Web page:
Previous Challenge Entry (Level 3 - Advanced)
Topic: Write in the ADVENTURE genre (05/24/07)
TITLE: Raiders of the Lost Park
By T. F. Chezum
My thirst played tricks on my mind. A creek flowed just on the other side of the reeds. I could hear it; I could almost taste it. I tried to run again.
“Maxx.” The man jerked me back. “Don’t even think it.”
I stumbled, gasping for air from the band pulled taut on my neck.
Another yank. “This way,” the man demanded.
We reached a small clearing. The clanking of a chain slapping a metal pole chimed through the air. The silhouette of playground equipment stood like monoliths against the late afternoon sky.
I remember this place. I surveyed the terrain. Families gathered and children played. Such happy memories, it seems so long ago.
“Is it wise bringing him here, Jonas?” Gretchen strolled onto the ragged, sparse grass.
Why are they doing this? My thoughts wandered, reflecting on events gone by. Did they learn what I buried here?
Jonas drank from his canteen. “He will cooperate this time, or suffer the consequences.” His eyes locked on her. “Don’t let your feelings for him get in the way.”
My parched throat ached; I gagged.
He dragged me to a tattered, old bench. “Tie him here.” He sauntered toward the steel posts anchored in the sand. “The others will be here soon.”
“Please stay still. It will only be worse if you don’t listen.” The lady walked away, joining her partner on the sand.
Now’s the time. I tried to lunge; the binding held. Don’t give up. I pulled with all my might; the wood cracked. I gave one last charge; the plank on the bench shattered. I bolted toward the woods.
“Maxx.” Jonas yelled. “I told you to tie him.” His voice faded as I weaved through the trees.
My heart raced. Fear and excitement coursed through my veins.
I darted through the bamboo, splashing into the brook. I bowed down, gulping the cool water. Finally. I enjoyed the refreshment for but a moment. I must continue; I’ve got to find my property. I darted along the bank toward the open field.
“There he is.” Gretchen’s voice rang in the distance.
I ducked into the tall grass, staying low and scampering, trying to elude them.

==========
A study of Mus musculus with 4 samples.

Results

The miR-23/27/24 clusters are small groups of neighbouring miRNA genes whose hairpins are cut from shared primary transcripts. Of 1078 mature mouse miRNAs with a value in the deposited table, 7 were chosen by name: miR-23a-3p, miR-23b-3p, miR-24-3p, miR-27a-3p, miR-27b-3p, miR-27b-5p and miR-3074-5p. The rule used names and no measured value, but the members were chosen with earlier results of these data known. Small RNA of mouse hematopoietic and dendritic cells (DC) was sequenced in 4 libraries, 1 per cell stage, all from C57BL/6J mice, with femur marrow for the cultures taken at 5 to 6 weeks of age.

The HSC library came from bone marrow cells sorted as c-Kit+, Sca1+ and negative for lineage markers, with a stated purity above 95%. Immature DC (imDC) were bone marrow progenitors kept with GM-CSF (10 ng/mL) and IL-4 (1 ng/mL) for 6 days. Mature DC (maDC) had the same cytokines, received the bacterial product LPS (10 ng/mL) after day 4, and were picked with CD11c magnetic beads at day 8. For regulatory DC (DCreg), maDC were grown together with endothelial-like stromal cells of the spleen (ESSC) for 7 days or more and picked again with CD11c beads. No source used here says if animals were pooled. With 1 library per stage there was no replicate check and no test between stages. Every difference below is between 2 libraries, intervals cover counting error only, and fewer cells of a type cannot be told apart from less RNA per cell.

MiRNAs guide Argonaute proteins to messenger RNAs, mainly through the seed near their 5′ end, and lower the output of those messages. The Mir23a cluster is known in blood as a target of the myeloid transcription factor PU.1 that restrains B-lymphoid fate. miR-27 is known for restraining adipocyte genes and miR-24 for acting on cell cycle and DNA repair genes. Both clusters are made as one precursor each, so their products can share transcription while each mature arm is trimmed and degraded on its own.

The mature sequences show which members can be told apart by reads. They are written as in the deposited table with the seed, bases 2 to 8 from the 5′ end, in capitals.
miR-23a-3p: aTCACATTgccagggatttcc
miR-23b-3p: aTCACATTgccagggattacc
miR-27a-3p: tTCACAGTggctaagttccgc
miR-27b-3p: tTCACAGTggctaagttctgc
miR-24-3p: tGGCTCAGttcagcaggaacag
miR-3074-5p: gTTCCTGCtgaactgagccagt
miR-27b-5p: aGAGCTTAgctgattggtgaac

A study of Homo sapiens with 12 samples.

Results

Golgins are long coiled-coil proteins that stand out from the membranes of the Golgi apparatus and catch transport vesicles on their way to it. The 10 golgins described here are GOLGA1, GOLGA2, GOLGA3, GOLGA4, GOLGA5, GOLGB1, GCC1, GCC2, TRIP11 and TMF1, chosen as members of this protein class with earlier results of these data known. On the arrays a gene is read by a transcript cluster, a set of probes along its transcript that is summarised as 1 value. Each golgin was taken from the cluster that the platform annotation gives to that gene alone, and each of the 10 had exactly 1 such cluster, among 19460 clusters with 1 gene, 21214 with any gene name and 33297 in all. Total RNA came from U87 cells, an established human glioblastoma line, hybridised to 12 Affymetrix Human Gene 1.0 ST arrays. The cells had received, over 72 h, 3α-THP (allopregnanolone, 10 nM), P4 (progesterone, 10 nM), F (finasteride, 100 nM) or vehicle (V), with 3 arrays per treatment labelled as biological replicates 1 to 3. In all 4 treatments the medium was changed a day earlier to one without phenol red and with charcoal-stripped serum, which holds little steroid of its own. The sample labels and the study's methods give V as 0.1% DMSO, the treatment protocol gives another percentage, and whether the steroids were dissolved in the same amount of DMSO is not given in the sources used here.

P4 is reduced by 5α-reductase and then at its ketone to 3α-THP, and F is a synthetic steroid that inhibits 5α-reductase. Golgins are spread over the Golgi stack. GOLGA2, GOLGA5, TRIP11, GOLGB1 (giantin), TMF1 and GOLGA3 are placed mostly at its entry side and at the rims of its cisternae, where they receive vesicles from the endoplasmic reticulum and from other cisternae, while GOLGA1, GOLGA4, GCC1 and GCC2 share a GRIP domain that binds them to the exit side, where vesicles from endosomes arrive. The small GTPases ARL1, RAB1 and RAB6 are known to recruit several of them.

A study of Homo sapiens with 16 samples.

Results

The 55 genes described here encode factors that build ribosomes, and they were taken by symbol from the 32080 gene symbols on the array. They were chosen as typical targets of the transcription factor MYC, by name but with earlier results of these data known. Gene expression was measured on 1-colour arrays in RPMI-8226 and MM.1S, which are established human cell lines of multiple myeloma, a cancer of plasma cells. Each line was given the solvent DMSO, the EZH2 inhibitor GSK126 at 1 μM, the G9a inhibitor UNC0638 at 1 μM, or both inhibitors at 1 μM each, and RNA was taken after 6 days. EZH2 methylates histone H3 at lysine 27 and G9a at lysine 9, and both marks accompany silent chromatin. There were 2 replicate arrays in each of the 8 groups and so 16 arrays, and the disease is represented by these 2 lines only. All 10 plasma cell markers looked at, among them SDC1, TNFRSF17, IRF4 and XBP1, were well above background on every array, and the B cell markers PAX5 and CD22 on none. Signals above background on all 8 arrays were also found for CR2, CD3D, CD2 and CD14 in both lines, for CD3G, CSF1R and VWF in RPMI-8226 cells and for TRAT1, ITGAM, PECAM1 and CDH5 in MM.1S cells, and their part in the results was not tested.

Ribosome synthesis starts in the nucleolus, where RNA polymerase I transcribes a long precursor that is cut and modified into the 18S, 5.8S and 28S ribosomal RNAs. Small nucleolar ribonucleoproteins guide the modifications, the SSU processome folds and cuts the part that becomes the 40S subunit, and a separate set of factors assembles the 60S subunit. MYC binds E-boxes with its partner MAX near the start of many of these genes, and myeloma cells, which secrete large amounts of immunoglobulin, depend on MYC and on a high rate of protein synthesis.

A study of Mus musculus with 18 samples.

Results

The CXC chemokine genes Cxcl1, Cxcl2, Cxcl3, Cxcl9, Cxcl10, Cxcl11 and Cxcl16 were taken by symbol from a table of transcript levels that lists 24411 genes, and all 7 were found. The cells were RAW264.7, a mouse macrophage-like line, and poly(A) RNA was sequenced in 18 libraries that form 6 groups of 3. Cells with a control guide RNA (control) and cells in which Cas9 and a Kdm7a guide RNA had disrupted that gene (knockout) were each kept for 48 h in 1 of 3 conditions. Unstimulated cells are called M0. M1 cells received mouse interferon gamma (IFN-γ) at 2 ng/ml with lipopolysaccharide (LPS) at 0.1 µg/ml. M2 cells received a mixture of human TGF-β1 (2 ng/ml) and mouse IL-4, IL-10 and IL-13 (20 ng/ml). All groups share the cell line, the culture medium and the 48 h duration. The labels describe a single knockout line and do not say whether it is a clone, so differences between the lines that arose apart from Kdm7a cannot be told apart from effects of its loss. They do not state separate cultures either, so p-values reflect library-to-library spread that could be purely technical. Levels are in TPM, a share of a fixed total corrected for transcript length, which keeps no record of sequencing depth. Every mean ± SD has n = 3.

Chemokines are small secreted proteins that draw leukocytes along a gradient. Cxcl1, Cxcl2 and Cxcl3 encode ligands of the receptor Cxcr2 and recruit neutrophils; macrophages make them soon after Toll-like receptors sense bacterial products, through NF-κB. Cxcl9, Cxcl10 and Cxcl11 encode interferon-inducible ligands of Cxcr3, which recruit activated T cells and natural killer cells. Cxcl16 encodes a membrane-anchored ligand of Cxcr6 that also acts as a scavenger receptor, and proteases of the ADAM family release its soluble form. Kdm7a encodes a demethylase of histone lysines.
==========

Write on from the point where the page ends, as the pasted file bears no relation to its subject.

Is this it? I examined a dirt patch just up from the stream. No, no, no. I huffed, trying to catch my breath. It’s on the other side of the sand lot. I darted from the bushes into the open. The warmth from the sand stung my aching feet. I scurried past the swings swaying in the breeze, their tapering shadows flashing dark and light across my vision. Slipping behind a row of elm trees, I paused and studied the surroundings. This is it.
My heart pounded inside my chest. Do I have time?
I began to dig. Flying dust burned my nose and lungs. My body ached. I must do this. I gritted my teeth in determination.
Muffled voices sounded beyond the playground.
I can’t give up. I won’t. The hole grew deeper with slow and painful perseverance.
“Maybe he’s over here.”
Jonas. I squeezed every ounce of resolve into my efforts. I must be close.
“You should’ve known enough to tie him to the metal frame.” Jonas’ voice echoed.
Where is it? I continued to dig with increasing urgency.
Their voices drew closer.
It has to be here. I felt something solid in the loose soil. Yes.
“Stay there Maxx.” Jonas stepped out from the shrubs. “Don’t try and run.” He reached into his coat pocket.
I saw the lady standing behind him, her eyes wide with fear. I reached into the hole, my eyes riveted on the approaching pair.
“Don’t try anything,” he said, stepping ever closer. “Stay calm and nothing’ll happen to you.”
I grabbed the object, still focused on my pursuers. They moved closer. I remained frozen and indecisive. Their shadows encroached on the dirt patch.
“Don’t run,” Gretchen muttered.
Stay steady. Just few more steps. My body twitched with anticipation.
They stepped into the shadow from the row of trees.
Now. I pulled the object from the hole and bolted toward the twosome.
“Maxx,” the couple blurted in unison.
I wagged my tail, gripping the bone between my teeth. I jumped, wiping my dirt covered paws on Gretchen’s shirt.
“Silly boy, Maxx.” Gretchen rubbed behind my ears. “Don’t scare us like that.”